Onkar Singh in New Delhi | March 10, 2006
Over 150 Indians who served various sentences in Kalapani jail during the British regime for defying the orders of the administration or rebelling against the system were invited to take part in the celebrations of the 100 years of the establishment of the Cellular Jail on March 10, 2006.
Situated in Andaman, Kalapani punishment was meant to serve as a deterrent to Indian freedom fighters fighting against the British.
rediff Features Desk adds:
It was the British-run Bengal government, and Governor General of India Lord Cornwallis, who conceived the idea of developing the Andaman Islands, in the Bay of Bengal, as a British colony in the 1700s.
Two officers – one of them was Lieutenant Archibald Blair (that's how Port Blair got its name) -- were sent to survey the area. A settlement was established on Chatham Island in a southeastern bay of the Great Andaman and was called Port Cornwallis (later its name was changed to Port Blair). There was much illness on the islands and the colony did not work out so the settlers were shipped back to the mainland.
The British government had too many prisoners on its hand, post the Mutiny of 1857 and the idea of establishing a settlement – this time a convict colony -- was revived. Some 200 prisoners were sent out initially to a jail, equipped with gallows, at Viper Island 15 minutes from Port Blair, and Kalapani was established.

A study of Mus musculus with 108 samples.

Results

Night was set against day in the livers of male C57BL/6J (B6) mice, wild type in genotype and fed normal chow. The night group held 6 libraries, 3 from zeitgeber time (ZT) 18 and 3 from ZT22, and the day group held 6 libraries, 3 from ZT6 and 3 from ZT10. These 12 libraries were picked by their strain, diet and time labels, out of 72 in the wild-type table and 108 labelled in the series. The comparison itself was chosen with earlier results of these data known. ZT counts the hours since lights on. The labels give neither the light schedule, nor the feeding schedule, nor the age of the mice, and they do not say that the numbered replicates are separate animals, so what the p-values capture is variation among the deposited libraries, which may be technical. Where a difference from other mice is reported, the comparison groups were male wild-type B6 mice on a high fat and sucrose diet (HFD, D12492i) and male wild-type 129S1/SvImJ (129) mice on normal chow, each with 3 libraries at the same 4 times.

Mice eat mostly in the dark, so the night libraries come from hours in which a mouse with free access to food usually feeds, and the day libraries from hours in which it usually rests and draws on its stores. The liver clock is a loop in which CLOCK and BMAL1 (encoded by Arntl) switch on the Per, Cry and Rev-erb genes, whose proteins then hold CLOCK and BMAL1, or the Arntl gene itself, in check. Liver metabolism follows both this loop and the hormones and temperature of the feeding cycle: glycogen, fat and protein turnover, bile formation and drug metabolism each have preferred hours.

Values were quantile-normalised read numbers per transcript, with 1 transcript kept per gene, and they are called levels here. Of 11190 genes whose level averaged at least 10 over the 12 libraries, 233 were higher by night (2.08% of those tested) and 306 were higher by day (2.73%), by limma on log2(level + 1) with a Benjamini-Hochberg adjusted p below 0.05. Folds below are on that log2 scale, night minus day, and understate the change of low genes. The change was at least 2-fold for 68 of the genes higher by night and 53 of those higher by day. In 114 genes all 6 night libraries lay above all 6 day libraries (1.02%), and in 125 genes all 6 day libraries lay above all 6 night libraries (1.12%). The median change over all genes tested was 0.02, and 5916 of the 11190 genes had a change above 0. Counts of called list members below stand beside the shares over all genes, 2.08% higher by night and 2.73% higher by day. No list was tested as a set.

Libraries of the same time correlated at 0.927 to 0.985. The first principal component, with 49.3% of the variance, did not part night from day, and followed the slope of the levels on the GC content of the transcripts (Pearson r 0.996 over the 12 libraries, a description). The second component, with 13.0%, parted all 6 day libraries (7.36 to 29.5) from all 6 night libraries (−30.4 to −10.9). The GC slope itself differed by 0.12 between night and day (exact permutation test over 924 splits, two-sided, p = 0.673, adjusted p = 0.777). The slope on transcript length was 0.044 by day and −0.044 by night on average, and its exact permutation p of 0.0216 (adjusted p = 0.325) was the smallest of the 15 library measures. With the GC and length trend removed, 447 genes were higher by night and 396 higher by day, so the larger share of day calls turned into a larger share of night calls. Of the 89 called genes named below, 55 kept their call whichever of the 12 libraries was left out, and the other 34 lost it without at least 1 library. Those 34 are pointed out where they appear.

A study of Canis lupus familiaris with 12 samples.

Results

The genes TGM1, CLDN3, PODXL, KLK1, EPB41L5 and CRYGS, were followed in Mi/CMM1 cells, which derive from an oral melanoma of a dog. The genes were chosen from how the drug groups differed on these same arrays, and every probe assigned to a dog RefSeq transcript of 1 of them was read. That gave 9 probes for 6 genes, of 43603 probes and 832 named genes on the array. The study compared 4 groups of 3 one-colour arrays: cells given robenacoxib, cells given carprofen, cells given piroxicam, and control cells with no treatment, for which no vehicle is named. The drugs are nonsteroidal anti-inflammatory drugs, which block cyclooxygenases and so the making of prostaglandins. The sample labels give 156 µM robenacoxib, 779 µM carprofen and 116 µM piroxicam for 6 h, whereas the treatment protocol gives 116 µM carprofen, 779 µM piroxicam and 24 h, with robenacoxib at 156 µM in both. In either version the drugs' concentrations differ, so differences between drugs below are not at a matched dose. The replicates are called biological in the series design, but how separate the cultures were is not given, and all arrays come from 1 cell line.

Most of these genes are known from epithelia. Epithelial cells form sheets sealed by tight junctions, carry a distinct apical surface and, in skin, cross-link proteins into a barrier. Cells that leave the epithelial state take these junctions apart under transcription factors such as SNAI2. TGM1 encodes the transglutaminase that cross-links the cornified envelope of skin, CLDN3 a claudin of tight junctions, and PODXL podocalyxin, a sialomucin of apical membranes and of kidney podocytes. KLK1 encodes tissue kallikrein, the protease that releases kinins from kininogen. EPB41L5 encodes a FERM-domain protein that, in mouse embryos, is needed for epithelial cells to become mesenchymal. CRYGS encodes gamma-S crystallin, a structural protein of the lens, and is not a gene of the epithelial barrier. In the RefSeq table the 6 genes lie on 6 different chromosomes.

The construction of Cellular Jail -- which got its name from the fact that it was made up of numerous individual cells it provided for prisoners destined for solitary confinement -- began in 1896 and was completed in 1906. The British authorities arrested hundreds of revolutionaries as more and more rebellions against the British surfaced across India. And hundreds of these prisoners were shipped out to Port Blair and were housed and ill-treated in this jail.
Veer Savarkar, many associates of Sardar Bhagat Singh, several revolutionaries of the Chittagong Revolt were some of the freedom-fighters who spent time at Cellular Jail.
The Andaman and Nicobar tourism authorities are commemorating the history of this jail with special ceremonies today.
Three surviving freedom-fighters -- Bimal Bhowmick, Kartik Sarkar and Adhir Nag -- were invited to Port Blair, as well as spouses, sons and daughters of deceased freedom fighters. There will be special functions to honour the heroes of 1857. Shubha Mudgal and Suresh Wadkar will participate in a special music programme Friday evening.